Supermodel Miranda Kerr was given millions of dollars’ worth of diamonds by her billionaire ex-boyfriend — who is accused of masterminding the theft of $4.5 billion from a Malaysian development fund.
Malaysian financier Jho Low began showering Kerr with the gems on Valentine’s Day 2014 — shortly after her divorce from actor Orlando Bloom — the US government charges in a civil lawsuit it filed Thursday as part of an effort to seize assets it claims were bought with money stolen in the development-fund scam.
For his first gift, Low told Manhattan-based jeweler to the stars Lorraine Schwartz that he had $1 million to $2 million to spend — and that size mattered, according to the suit.
He met the jeweler in his Time Warner Center condo — which the feds say he also bought with stolen cash — and settled on a diamond big enough to be any girl’s best friend — an 11.72-carat, heart-shaped rock that cost $1.29 million, the suit says.
As a finishing touch, he had it inscribed it with Kerr’s initials.
“Low [gave] the 11.72-carat heart-shaped diamond to Kerr, who resides in Los Angeles, as a Valentine’s Day present,” the court filings state.
That was just the beginning.
In November 2014, Low allegedly plunked down $3.8 million as partial payment for an 8.88-carat diamond pendant from Schwartz valued at around $4.5 million that he gave to Kerr as a gift.
He bought it after seeing a photo of it.
“Heart looks beautiful,” he wrote to his jeweler. “Let’s take it and be ready asap!”
The diamond was sent to Low in November at the London office of a lingerie company that he had also allegedly bought with stolen money. It came with a chain and necklace that cost $800,000.
He then spent an additional $1.98 million on 11-carat diamond earrings and a matching necklace, ring and bracelet.
Low gave Kerr those diamonds aboard his new yacht, the Equanimity, which the government also wants back.
By October, Low added a $1 million 11-carat diamond earrings to his offerings to Kerr. He then wired another $4.05 million to Schwartz to pay for it all.
If the suit to claw back Low’s ill-gotten bling is successful, then the feds can sue Kerr to get the diamonds back, unless she agrees to hand them over on her own.
The gifts to Kerr, who dated Low for a year, are just part of more than $1.6 billion worth of assets — including property, art, jewels, the yacht and even a jet — that the US Justice Department is now trying to recover.
Kerr — who married the billionaire founder of Snapchat, Evan Spiegel, this year — has been cooperating fully with the investigation and still has the diamonds, said a source close to her.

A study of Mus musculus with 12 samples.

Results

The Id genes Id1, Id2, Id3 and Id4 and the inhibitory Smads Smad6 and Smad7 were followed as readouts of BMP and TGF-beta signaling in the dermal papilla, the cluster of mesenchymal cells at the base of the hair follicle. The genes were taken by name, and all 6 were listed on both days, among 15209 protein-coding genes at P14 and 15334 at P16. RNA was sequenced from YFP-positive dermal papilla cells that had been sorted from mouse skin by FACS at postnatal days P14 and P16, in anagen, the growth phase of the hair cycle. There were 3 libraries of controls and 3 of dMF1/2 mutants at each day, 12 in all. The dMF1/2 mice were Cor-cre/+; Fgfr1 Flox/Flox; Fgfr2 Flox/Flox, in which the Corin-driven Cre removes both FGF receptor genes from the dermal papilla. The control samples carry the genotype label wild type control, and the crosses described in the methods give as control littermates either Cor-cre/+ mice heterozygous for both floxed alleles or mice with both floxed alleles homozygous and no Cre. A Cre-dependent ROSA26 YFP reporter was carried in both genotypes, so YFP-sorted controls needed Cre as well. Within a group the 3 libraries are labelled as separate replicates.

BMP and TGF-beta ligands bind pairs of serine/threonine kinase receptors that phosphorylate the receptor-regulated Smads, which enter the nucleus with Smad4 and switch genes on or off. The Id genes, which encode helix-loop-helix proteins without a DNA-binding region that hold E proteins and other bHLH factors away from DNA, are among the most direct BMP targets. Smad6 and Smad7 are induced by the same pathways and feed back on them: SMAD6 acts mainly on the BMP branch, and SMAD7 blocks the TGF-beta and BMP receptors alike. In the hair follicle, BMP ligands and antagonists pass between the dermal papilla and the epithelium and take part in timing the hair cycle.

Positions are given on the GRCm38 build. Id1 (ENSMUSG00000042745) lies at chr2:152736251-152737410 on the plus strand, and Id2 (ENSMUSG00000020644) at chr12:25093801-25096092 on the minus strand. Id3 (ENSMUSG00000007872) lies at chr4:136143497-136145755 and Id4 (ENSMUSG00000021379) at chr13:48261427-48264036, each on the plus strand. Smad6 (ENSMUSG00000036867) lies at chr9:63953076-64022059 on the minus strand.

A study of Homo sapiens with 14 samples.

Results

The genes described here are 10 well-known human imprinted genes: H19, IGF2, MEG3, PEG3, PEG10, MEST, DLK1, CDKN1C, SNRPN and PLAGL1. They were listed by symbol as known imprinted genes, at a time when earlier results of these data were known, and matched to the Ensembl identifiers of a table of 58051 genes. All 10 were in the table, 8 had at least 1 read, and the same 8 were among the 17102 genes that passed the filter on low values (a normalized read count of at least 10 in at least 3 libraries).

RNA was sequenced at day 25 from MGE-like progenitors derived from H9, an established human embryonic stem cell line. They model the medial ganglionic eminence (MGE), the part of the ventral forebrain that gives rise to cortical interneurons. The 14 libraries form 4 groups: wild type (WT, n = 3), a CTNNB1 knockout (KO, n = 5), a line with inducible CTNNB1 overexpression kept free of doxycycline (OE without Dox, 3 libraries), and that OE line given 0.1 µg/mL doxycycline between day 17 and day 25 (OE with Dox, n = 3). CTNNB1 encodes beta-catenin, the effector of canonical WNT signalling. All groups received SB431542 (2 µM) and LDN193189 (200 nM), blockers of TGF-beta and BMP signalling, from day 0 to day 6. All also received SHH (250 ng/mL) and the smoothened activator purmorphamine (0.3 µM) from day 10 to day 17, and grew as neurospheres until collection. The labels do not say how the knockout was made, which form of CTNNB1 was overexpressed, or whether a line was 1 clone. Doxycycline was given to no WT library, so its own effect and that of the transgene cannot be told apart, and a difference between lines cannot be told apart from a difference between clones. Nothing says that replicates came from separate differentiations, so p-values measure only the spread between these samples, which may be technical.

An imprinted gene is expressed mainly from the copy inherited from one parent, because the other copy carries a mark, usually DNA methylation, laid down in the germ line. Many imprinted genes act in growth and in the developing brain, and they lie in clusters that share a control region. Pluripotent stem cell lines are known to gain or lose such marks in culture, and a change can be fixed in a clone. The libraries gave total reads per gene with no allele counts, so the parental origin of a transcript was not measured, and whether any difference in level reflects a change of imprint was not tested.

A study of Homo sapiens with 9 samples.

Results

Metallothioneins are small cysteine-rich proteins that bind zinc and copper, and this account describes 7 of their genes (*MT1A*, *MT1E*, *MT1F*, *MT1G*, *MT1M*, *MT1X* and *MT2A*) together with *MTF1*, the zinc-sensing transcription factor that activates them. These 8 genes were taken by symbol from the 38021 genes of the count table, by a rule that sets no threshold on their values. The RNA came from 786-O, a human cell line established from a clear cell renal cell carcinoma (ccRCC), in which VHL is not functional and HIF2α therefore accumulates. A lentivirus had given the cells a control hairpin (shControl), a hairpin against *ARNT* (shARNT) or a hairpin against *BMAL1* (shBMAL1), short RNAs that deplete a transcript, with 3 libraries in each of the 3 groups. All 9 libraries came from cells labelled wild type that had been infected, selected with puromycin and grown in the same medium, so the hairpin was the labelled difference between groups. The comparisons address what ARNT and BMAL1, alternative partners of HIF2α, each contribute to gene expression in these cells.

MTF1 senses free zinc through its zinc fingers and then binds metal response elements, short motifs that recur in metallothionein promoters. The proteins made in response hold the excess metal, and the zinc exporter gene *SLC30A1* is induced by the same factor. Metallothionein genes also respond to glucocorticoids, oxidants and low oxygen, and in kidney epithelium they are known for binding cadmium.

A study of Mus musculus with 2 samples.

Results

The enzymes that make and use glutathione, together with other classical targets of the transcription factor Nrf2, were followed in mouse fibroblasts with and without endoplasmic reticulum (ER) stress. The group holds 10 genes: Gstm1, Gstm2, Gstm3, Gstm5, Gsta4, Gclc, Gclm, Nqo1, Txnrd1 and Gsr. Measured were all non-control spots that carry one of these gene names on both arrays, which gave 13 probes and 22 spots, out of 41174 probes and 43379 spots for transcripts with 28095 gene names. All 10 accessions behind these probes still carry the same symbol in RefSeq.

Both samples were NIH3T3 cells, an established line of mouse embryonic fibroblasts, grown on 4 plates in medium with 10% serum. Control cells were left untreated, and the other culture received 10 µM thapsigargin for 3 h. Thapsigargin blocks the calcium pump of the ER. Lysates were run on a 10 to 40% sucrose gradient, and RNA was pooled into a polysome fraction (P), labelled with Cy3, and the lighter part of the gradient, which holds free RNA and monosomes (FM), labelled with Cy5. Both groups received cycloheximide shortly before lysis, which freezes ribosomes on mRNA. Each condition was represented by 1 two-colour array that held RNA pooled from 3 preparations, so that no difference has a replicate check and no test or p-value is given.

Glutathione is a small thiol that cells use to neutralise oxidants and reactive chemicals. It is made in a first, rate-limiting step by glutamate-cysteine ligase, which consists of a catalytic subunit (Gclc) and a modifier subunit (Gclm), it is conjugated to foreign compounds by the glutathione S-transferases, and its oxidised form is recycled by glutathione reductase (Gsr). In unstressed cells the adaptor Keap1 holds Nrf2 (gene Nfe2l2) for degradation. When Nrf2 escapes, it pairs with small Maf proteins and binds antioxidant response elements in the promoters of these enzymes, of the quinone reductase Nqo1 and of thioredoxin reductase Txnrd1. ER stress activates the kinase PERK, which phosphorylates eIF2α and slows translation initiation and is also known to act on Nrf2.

The feds have not asked for the diamonds back yet, the source said.
Male movie stars were also the recipient of gifts bought with money stolen from the people of Malaysia, court papers allege.
Low spent millions to fly around the world with Leonardo DiCaprio and to gamble with him.
DiCaprio announced through a spokesman on Thursday that he was returning more than $13 million worth of art given to him by a Hollywood production company, Red Granite, which is connected to Low and which funded the actor’s 2013 movie “The Wolf of Wall Street.”
DiCaprio is also returning Marlon Brando’s Oscar for “On the Waterfront,” which Red Granite had bought for him for $600,000.
Contacted by The Post, Avra Douglas, the executor and archivist of Brando’s estate, said the estate was now considering its legal options.
“I know that [the Oscar] was missing when Marlon was alive,” she said.
Red Granite was co-founded by Riza Aziz, the stepson of Malaysian Prime Minister Najib Razak, and Joey McFarland, a former party booker for Paris Hilton.
The US government charges that the Hollywood production company was founded on money stolen from the Malaysian development fund 1MDB.
More than $4.2 million of the stolen money was used to buy original movie posters, including one for 1939’s “The Wizard of Oz” and another, worth $1.2 million, for the 1927 film “Metropolis.”
Aziz plastered his New York condo, also bought with stolen cash, with the posters.
He also gave some as gifts to DiCaprio — who has not returned them — and to Martin Scorsese, director of “The Wolf of Wall Street.”
DiCaprio introduced Aziz to the owner of a company that sold the posters over dinner one night, the feds suit charges.